Elaine O’Reilly of Academic Coaching and the SMART Space shares some wisdom about showing grace to yourself and your students in stressful times.
I learned a valuable lesson years ago after my mother died. I was seeing a hospice nurse to deal with the aftermath of my mom’s death, which included grieving and a lot of paperwork. I was the executor of her estate, which meant, despite her good organizational skills, there was a mountain of papers on my dining room table that needed my attention.
When I met with the hospice nurse to begin to process my grief and the enormous responsibility I faced as the executor, I explained how overwhelmed I felt. She listened, and the valuable thing she asked me to do was the following. She said, “Every night when you look at the pile of paper work and feel overwhelmed, instead of writing down what you didn’t get to, write down what you did accomplish that day. Even if it is one thing.” Her recommendation wasn’t earth-shattering, yet when I began to do this, I felt more capable of handling the amount of work ahead. I continued to do this every night and it helped immensely with my self-efficacy. Her advice has come in handy years later, as I continue to have many things on my to-do list!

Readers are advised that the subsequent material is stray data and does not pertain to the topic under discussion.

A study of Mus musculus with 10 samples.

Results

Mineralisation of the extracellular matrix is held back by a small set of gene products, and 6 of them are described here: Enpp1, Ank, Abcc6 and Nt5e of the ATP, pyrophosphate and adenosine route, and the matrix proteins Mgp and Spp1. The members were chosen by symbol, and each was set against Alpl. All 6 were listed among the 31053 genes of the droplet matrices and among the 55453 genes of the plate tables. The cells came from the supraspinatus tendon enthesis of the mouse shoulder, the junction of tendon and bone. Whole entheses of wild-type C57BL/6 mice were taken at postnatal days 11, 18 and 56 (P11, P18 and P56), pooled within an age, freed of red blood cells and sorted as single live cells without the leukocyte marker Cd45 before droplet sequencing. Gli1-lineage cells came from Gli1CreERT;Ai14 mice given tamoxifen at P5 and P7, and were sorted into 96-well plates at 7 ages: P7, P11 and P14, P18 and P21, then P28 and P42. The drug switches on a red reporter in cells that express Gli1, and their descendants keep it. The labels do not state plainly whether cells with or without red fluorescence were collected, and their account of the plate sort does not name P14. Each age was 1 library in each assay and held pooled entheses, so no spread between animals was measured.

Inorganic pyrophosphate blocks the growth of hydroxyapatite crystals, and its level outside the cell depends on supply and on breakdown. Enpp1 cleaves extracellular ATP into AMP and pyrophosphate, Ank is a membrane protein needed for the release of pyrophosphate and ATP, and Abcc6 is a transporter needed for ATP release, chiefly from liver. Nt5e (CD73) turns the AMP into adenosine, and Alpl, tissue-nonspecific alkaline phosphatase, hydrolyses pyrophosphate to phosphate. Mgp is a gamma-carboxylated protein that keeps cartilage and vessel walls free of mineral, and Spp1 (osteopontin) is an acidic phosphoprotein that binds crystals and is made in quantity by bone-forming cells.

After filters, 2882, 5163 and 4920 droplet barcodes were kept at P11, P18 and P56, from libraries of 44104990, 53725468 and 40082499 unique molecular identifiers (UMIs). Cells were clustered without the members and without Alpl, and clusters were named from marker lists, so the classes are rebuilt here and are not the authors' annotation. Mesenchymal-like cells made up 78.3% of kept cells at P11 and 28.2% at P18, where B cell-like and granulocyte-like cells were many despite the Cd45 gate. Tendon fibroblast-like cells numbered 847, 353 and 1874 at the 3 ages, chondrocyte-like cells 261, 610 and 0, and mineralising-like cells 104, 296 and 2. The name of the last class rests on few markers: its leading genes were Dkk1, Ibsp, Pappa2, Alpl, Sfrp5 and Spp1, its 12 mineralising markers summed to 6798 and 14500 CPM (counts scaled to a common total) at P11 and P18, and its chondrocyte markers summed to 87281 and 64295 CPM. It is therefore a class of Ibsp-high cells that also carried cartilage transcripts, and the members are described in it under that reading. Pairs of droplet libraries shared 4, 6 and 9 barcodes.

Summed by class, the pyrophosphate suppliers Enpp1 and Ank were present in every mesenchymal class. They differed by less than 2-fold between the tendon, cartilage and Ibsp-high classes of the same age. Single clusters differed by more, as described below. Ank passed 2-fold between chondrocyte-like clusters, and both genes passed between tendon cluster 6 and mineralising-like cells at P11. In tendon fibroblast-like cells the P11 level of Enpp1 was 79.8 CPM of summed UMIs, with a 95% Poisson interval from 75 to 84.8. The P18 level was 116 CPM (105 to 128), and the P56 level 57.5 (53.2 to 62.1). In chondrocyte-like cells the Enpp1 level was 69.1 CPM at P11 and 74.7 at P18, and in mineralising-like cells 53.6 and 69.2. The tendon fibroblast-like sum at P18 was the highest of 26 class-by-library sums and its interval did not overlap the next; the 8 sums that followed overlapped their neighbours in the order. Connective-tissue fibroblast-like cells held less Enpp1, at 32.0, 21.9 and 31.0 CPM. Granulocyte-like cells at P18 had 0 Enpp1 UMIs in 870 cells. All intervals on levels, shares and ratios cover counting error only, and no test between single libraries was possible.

Instead of writing down what you didn’t get to, write down what you did accomplish that day. Even if it is one thing.
As an Academic Coach and Instructor, I have encouraged students to employ this method. Rather than beating themselves up for what they didn’t do, I suggest they write down at least one thing they completed each day. We are so expert at saying negative and unhelpful things about ourselves and to ourselves, that writing down what we did accomplish may seem counterintuitive. What is intuitive is our need and ability to congratulate ourselves on what we did accomplish! Sadly, most of us haven’t learned how to do this yet because we live in a culture that doesn’t always support self-congratulation.
So, while it’s important to acknowledge what you did accomplish on a daily (or weekly, monthly, or whatever) basis, what is more important is the psychological accumulation of seeing how we silently speak to ourselves, and counteracting that behavior with writing out what we did do! When doing this consistently, we can accumulate the power and knowledge that we are truly capable and have the ability to get things done, while simultaneously building a positive mindset towards ourselves. This little act can be helpful for time management skill-building, getting through tasks we may not feel motivated to conquer, and most importantly, learning to celebrate the accomplishments we make; no matter how small.